Sony to Sell DeNA Stake to Book $438 Million Gain This QuarterTerje Langeland
Sony Corp. will sell its entire stake in social-game website operator DeNA Co., the electronics maker’s fourth major asset sale this year as it tries to avoid a fifth straight annual loss.
The world’s third-largest TV maker expects to book a 40.9 billion-yen ($438 million) gain this quarter from the sale of 17.7 million DeNA shares to Nomura Holdings Inc., it said in a statement to the Tokyo Stock Exchange today. Sony will disclose the price tomorrow, and the sale is expected to close March 7, it said.
Sony sold a building in Tokyo last week for 111 billion yen to help meet Chief Executive Officer Kazuo Hirai’s goal of posting 20 billion yen of net income in the year ending March 31. TV and mobile phone-making operations are losing money at the Tokyo-based company because of slow demand and competition from Samsung Electronics Co. and Apple Inc.
Nomura then said it will sell 6 million DeNA shares on March 7, leaving it with 8.7 percent of voting rights, according to a statement to the exchange.
Sony agreed in January to sell its 37-story New York headquarters to Chetrit Group for $1.1 billion. The company expects a profit of about $685 million from the deal.
The electronics maker also predicted a 115 billion-yen gain following the sale of a stake in medical-data company M3 Inc. The largely paper gain mainly derives from a change in the way Sony accounts for its remaining stake in the health-care information provider.
The gain from selling DeNA is factored into Sony’s most recent forecasts, the electronics maker said, while reiterating that it’s reevaluating the effect of recent asset sales on its projections.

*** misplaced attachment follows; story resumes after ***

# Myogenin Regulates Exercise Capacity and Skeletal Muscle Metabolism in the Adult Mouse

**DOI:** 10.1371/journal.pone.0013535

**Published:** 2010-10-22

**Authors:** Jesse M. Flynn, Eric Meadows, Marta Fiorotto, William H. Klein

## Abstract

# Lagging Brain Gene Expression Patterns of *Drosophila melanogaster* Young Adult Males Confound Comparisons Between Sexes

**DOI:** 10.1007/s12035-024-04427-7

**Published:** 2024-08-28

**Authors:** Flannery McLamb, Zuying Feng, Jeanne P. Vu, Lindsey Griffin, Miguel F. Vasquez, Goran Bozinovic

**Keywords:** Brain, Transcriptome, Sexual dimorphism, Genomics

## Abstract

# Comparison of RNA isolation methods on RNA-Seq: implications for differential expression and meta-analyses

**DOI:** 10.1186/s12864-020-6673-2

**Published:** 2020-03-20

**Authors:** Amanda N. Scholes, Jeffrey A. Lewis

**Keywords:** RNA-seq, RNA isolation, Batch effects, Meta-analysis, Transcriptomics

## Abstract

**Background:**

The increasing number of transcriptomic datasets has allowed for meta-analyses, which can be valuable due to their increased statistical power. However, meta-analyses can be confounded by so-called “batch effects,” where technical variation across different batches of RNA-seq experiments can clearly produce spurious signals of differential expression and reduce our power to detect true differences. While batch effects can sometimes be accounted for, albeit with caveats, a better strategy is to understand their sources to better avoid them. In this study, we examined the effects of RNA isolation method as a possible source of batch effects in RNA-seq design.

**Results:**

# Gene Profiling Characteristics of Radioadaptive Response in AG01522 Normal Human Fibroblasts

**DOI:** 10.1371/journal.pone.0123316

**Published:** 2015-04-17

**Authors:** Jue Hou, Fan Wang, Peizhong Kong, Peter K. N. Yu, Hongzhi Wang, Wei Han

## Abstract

Hirai also agreed to sell a chemical unit and stakes in display-making ventures as he sharpens Sony’s focus on mobile devices, games and digital imaging. The company reiterated its full-year profit forecast of 20 billion yen last month.
The electronics maker rose 3.5 percent to close at 1,438 yen in Tokyo trading before the announcement. The benchmark Nikkei 225 Stock Average gained 0.4 percent. Sony has climbed 50 percent this year, buoyed by a weaker yen that’s boosting earnings from overseas.
The manufacturer is heading for a ninth straight annual loss at its TV-making unit amid slowing demand and rising competition. Sales of Xperia smartphones and tablets also trail Apple’s iPhones and iPads, and Samsung Galaxy handsets.
The company’s credit rating was cut three levels to BB-, a non-investment grade, by Fitch Ratings in November. Slumping demand for TVs and weakened economic conditions at home and overseas will leave the company maker struggling to regain technological leadership, Fitch said at the time.
Sony raised 150 billion yen selling five-year convertible bonds in November, its first offering of similar securities since 2003. The inventor of the Walkman, which is cutting 10,000 jobs, lost about 31 percent of its market value last year.